Childhood favourite, Winnie-the-Pooh and his clan in the Hundred Acre Wood are brought to life in the remarkable Christopher Robin movie. The take on the children’s-book series is refreshing while evoking sweet and bitter tones at the appropriate times. It makes you wonder why you ever wanted to grow up. The most pleasing aspect of this film is how visually appealing it looks at all times. Watching Pooh’s innocence irritate Christopher (voiced by Jim Cummings) is entertaining and becomes meaningful when you can see that it redeems Christopher. Embedded within the story line are relatable events such as when Madeline undertakes a courageous journey in order to gain her father’s attention.
Despite some of the drama following predictable paths, watching Christopher remember life’s pleasures, not only rekindles his youthful spirit but yours too. This film will definitely win the hearts of an older viewer who is young at heart. The best thing about this movie is that it does an immaculate job of highlighting the conflict we all go through as we get older and lose touch with our inner child. The amount of times it tugs on your nostalgia heartstrings are countless. The films successful attempt in regards to juxtaposing the reality of our past with that of our current is fantastic. Christopher’s grown up world consists of muted greys and dull browns in contrast to the lively and vibrant colours of magical Hundred Acre Woods. It is a constant reminder to the audience that the child is still within us.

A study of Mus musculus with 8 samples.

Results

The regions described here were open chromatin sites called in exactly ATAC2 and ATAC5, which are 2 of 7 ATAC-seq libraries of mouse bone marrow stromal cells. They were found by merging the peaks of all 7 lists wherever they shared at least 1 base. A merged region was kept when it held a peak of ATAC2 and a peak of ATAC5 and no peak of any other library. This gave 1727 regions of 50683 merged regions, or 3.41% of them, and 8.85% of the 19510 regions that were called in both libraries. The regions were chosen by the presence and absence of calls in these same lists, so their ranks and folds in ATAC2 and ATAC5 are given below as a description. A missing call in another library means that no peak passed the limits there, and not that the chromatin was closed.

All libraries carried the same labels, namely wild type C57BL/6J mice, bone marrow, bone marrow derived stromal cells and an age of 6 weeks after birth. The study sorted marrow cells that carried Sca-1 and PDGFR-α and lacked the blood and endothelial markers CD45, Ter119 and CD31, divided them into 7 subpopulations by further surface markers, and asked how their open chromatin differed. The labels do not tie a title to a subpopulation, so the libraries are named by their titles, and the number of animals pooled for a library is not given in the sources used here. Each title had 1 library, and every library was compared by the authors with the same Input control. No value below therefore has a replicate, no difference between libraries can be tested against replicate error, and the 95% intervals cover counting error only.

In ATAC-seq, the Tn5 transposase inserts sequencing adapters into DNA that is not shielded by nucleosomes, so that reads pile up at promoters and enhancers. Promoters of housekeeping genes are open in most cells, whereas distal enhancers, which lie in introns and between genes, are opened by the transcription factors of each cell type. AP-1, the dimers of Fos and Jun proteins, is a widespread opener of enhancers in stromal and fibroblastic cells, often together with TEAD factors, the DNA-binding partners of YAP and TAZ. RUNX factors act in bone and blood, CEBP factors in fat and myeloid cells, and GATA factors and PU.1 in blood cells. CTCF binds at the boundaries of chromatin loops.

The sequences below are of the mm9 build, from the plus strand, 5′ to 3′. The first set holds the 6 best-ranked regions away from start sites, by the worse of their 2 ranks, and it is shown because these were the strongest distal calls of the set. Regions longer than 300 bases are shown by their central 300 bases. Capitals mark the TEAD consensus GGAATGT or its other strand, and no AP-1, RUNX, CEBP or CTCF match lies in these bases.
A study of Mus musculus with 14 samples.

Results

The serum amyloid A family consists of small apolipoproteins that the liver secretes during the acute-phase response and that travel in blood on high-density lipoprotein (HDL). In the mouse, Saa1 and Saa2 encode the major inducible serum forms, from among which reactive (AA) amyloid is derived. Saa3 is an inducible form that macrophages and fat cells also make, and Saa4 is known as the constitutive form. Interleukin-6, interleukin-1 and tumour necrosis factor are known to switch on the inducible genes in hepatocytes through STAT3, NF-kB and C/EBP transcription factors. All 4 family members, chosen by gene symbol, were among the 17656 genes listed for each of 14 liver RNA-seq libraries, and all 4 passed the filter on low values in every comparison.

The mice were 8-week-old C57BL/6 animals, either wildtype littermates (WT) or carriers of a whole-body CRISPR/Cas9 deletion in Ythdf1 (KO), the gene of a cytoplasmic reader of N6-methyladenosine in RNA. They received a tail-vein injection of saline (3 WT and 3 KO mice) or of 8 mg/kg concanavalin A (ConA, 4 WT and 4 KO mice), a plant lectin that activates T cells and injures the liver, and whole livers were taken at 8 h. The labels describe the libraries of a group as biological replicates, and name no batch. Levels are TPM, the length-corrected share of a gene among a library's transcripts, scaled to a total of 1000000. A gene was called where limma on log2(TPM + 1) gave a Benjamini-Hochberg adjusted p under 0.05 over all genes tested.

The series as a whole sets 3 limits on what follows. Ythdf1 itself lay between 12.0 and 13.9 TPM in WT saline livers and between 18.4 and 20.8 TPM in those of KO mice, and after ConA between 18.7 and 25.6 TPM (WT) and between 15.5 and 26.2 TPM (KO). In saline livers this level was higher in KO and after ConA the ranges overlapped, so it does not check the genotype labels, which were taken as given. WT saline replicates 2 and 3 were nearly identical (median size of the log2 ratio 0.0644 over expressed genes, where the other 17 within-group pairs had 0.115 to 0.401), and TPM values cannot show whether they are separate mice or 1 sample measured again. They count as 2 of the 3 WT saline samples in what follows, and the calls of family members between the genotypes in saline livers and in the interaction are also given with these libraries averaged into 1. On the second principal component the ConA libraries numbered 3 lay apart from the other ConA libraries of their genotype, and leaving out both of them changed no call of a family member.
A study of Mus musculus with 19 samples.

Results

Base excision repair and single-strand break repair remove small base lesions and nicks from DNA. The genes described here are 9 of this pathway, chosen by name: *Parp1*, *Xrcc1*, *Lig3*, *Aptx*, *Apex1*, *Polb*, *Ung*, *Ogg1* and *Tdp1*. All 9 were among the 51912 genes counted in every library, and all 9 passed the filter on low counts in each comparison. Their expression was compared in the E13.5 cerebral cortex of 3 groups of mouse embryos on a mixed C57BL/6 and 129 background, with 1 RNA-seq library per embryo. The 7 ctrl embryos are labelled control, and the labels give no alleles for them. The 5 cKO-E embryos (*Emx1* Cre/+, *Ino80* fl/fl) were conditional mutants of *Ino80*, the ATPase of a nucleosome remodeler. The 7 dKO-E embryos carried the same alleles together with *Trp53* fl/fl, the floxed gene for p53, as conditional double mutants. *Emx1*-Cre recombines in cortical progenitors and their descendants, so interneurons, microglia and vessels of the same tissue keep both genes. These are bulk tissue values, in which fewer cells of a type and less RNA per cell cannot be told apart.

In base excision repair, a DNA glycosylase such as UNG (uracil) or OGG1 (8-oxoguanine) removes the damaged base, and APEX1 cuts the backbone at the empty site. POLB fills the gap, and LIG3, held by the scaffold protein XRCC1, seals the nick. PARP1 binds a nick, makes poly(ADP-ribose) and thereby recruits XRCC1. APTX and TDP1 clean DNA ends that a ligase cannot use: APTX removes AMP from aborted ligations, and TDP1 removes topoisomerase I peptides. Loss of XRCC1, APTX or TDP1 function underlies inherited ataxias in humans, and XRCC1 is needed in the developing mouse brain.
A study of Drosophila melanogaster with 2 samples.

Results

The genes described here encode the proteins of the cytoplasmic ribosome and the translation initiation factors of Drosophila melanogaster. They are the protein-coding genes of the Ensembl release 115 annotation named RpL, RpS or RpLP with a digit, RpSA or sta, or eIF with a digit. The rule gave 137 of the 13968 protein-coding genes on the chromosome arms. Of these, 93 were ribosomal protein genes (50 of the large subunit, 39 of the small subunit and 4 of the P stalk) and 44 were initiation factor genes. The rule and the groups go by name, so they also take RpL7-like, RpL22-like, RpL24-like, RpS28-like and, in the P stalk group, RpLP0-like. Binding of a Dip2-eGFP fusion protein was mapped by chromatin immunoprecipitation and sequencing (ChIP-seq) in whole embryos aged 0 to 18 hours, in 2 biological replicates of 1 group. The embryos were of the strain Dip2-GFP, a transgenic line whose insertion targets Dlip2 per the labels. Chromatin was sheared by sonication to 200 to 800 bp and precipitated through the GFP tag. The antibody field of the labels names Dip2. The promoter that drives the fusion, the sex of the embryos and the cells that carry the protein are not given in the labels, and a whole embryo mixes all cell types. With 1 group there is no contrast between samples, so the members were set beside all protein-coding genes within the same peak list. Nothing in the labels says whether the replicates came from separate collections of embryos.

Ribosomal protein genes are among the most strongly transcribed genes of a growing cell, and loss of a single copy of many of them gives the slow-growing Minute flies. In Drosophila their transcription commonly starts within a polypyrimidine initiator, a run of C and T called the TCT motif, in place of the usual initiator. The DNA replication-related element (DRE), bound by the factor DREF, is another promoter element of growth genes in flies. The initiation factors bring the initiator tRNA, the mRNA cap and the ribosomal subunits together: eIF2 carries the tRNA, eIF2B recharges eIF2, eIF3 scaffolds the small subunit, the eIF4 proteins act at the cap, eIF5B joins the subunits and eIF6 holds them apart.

Unfortunately, the film doesn’t quite hit the nail on the head because the aim, which is to tell a cohesive story with a clear mission isn’t met. To add to the small list of blunders, certain scenes seemed to serve no purpose and felt like a drag. It is arguable that the objective was to emphasise just how cute Winnie and Co. are but that concept is overplayed. The film is beautifully shot however on a cynical note, some may say that the film had limited charm. The scenes which reinforced Eeyore’s chronic depression were produced well but in all seriousness, he needs serious professional help.
The film is sentimental however not necessary. The film is borderline overrated because it does just enough for it to work, coming from someone who isn’t a diehard fan. The story around Christopher is at times questionable but the performance of the realistic characters is nothing short of delightful. Nonetheless, the downfalls of the film do not subtract from the size of this film’s heart. Fortunately, the film is ‘cute’ enough to watch alone however I wouldn’t urge anyone to watch it right away unless it will keep their children entertained for a while.